The Obama administration’s determination to topple Syrian President Bashar al-Assad is pushing the Middle East towards a regional war that could lead to a confrontation between the two nuclear-armed rivals, Russia and the United States.
Last week, Turkey joined the US-led coalition following a vote in parliament approving a measure to give the government the authority to launch military action against Isis in Syria. Turkish President Recep Tayyip Erdogan made it clear that Turkish involvement would come at a price, and that price would be the removal of al Assad. According to Turkey’s Hurriyet Daily News:
“Turkey will not allow coalition members to use its military bases or its territory in the fight against the Islamic State of Iraq and the Levant (ISIL) if the objective does not also include ousting the Bashar al-Assad regime, President Recep Tayyip Erdoğan hinted on Oct. 1…
“We are open and ready for any cooperation in the fight against terrorism. However, it should be understood by everybody that Turkey is not a country in pursuit of temporary solutions, nor will Turkey allow others to take advantage of it,” Erdoğan said in his lengthy address to Parliament.”..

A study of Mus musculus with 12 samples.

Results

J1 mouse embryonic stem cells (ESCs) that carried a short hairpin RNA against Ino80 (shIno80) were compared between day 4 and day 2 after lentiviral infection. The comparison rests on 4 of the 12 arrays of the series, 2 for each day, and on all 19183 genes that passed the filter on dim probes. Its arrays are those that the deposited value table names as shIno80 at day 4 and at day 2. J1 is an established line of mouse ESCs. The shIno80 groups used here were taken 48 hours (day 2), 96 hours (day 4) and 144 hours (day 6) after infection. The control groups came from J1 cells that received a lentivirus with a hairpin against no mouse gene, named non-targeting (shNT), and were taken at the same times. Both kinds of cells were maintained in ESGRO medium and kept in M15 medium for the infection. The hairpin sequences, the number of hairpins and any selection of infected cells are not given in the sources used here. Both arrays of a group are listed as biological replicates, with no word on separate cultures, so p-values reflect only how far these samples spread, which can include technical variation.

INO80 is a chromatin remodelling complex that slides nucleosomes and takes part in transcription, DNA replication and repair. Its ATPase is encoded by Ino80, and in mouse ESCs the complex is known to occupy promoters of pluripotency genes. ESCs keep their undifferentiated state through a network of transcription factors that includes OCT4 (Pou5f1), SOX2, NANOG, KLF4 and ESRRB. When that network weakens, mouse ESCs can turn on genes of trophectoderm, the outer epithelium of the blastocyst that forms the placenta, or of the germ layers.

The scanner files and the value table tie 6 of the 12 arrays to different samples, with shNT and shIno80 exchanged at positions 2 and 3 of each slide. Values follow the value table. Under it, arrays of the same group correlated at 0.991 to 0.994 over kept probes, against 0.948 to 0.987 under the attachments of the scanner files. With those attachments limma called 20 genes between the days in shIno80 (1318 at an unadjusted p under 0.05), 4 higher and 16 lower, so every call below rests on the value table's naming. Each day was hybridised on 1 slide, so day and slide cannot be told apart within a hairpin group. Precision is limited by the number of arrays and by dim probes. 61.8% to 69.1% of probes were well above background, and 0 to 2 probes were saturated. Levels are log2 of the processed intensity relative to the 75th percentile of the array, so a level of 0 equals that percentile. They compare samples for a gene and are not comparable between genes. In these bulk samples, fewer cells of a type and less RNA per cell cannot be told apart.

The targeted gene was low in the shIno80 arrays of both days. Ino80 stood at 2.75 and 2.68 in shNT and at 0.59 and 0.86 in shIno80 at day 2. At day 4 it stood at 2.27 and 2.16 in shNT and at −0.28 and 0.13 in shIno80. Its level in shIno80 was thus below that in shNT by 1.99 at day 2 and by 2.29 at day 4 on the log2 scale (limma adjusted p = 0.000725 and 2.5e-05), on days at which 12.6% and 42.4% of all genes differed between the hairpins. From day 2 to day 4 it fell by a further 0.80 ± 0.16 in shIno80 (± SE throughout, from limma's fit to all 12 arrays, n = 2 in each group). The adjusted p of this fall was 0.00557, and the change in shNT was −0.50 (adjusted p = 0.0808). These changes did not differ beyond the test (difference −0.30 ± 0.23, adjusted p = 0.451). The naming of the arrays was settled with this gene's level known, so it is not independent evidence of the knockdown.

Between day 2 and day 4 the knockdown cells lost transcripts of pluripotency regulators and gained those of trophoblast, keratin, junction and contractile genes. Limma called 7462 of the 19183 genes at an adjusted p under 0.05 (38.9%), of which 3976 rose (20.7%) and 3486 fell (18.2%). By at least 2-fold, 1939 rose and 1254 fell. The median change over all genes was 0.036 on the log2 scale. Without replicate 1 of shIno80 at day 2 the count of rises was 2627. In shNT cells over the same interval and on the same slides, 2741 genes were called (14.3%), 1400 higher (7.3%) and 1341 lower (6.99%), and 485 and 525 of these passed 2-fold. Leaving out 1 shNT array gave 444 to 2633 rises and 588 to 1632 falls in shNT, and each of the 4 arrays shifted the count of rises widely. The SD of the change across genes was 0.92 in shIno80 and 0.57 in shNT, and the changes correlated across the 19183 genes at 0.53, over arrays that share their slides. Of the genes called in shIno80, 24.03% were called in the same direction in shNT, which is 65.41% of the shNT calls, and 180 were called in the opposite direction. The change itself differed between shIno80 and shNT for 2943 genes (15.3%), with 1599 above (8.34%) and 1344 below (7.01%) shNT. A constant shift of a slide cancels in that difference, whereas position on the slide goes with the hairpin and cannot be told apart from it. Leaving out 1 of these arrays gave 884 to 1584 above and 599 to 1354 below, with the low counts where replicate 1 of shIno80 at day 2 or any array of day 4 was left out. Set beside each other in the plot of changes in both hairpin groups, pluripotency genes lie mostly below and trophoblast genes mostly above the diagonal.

“Turkey cannot be content with the current situation and cannot be a by-stander and spectator in the face of such developments.” (“Turkey will fight terror but not for temporary solutions: Erdoğan“, Hurriyet)
Officials in the Obama administration applauded Turkey’s decision to join the makeshift coalition. U.S. Secretary of Defense Chuck Hagel hailed the vote as a “very positive development” while State Department spokeswoman Jen Psaki said, “We welcome the Turkish Parliament’s vote to authorize Turkish military action…We’ve had numerous high-level discussions with Turkish officials to discuss how to advance our cooperation in countering the threat posed by ISIL in Iraq and Syria.”